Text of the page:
In a previous blog post, we noted that some millennials are forgoing credit in favor of debit and other non-credit products. However, our most recent research reveals that credit is still vitally important for millennials, and they make up one-fourth of the credit population.
Furthermore, millennials are looking for and opening new credit more than other age groups, as the chart below shows. Clearly, in spite of observed deleveraging, millennials remain the most likely age group to have credit inquiries.
We also found that millennials are most likely to open new credit cards and student loans.
Not surprisingly, it’s the 35-49 year olds who are most likely to open a new auto loan or mortgage. As one would expect, consumers typically open credit cards and student loans earlier in life, while taking on mortgages later on when they’re more willing and able to take on larger forms of debt.
On average, millennials have more delinquent payments and shorter credit histories than other age groups. As a result, we observe a larger proportion of them scoring in the lower FICO® Score bands: roughly 28% of millennials score in the 300-579 score range, as compared to only 19% of the total population.
These low scorers represent the millennial segment most actively seeking credit, which we see from the fact they have the largest percentage of inquiries. But as poor credit risks, they are less likely to be approved for credit, which we see from their having the lowest percentage of new credit openings among millennials.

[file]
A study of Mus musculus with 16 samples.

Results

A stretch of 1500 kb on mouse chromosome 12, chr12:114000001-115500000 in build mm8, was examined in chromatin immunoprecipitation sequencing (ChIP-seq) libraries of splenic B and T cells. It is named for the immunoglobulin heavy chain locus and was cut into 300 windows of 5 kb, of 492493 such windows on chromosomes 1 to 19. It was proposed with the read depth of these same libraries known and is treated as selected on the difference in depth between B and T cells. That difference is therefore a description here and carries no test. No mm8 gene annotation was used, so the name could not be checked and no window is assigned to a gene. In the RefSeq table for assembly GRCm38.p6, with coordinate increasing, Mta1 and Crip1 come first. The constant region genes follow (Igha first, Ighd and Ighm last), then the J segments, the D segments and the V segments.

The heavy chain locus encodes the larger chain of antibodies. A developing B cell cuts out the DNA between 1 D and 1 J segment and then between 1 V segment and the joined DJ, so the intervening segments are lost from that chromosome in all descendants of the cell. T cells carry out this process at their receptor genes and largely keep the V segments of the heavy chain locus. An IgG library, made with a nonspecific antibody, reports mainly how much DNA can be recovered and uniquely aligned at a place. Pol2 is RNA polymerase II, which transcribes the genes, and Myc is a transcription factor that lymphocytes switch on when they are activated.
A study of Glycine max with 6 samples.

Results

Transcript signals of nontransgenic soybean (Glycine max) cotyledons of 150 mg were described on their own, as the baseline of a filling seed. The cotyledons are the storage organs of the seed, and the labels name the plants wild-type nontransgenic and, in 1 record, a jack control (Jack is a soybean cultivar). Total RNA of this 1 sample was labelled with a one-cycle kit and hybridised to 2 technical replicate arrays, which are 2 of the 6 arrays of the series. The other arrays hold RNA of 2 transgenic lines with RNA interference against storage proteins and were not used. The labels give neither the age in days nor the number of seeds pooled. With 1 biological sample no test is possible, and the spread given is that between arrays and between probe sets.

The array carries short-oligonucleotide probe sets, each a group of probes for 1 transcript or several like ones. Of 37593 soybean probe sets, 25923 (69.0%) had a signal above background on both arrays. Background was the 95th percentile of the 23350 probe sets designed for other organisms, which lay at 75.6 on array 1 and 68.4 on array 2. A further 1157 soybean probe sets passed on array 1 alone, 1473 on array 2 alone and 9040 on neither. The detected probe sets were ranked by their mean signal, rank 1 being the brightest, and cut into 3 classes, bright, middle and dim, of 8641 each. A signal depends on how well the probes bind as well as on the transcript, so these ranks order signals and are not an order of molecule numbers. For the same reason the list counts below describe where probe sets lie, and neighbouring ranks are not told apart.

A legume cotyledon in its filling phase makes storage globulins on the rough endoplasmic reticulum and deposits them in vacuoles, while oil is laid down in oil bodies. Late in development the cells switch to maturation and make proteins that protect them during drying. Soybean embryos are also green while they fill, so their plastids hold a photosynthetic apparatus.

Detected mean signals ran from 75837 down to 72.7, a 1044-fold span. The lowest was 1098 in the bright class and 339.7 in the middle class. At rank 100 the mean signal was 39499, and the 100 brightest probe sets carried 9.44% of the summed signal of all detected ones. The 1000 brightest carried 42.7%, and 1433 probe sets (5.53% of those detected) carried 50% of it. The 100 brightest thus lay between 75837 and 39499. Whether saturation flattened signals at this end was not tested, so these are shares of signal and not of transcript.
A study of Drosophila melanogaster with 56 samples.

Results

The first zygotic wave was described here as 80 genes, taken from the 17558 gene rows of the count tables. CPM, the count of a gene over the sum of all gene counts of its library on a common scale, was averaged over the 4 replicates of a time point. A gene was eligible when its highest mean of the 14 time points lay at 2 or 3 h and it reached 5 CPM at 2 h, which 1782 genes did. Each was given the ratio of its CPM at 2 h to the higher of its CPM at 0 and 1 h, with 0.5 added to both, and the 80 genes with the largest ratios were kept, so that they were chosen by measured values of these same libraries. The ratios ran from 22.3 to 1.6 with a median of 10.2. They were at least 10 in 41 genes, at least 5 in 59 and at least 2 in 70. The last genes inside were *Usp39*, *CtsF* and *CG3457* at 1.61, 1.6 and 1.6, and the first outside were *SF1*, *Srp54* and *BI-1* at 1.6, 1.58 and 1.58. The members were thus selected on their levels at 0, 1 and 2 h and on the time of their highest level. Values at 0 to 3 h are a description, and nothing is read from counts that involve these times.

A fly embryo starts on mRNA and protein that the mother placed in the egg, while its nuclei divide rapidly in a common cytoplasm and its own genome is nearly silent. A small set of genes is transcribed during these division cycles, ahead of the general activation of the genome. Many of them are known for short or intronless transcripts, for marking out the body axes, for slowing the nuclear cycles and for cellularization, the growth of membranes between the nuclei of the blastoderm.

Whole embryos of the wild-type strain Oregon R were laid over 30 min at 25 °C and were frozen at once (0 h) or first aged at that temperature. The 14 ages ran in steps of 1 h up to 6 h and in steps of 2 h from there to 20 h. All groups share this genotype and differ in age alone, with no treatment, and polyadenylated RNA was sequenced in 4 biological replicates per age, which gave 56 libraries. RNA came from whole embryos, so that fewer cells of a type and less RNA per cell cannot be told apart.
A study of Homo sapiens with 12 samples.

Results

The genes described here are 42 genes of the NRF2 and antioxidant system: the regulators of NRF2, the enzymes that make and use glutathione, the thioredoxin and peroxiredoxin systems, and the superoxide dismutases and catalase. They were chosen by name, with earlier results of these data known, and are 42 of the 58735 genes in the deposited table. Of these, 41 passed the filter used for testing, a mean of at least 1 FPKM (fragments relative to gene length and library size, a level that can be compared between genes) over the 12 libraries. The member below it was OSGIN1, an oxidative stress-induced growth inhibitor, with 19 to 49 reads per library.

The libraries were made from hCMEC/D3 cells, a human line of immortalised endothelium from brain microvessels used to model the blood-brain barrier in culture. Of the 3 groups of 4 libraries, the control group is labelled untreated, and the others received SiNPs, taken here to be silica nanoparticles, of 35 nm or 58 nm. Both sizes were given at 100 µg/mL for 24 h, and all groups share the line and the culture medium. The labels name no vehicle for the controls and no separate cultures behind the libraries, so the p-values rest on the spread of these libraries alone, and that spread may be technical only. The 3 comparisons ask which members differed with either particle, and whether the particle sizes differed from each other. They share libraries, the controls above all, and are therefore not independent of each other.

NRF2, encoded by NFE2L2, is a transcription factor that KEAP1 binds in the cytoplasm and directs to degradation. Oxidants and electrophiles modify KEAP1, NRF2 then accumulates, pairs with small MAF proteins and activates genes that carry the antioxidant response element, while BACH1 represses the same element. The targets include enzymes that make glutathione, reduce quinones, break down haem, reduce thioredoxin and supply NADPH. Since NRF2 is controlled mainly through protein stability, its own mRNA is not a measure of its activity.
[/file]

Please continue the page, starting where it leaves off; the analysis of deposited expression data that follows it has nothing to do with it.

Millennials scoring 580-669 have the largest percentage of account openings. This score band seems to be the “sweet spot” for lenders targeting credit-seeking millennials—reasonably creditworthy combined with a strong appetite for credit.
Looking at loan type, we see that the highest-scoring group of millennials opened the most new mortgages. This makes sense since mortgage loans tend to have higher eligibility standards than other loan types. Since lender score cutoffs for auto and student loans are typically lower than for mortgages, it could explain why the 580-669 group was most likely to open these loan types.
So while some millennials may be deleveraging, and their banking habits may vary from other age groups, traditional credit continues to play an important role in the lives of many in this sought-after and economically critical demographic.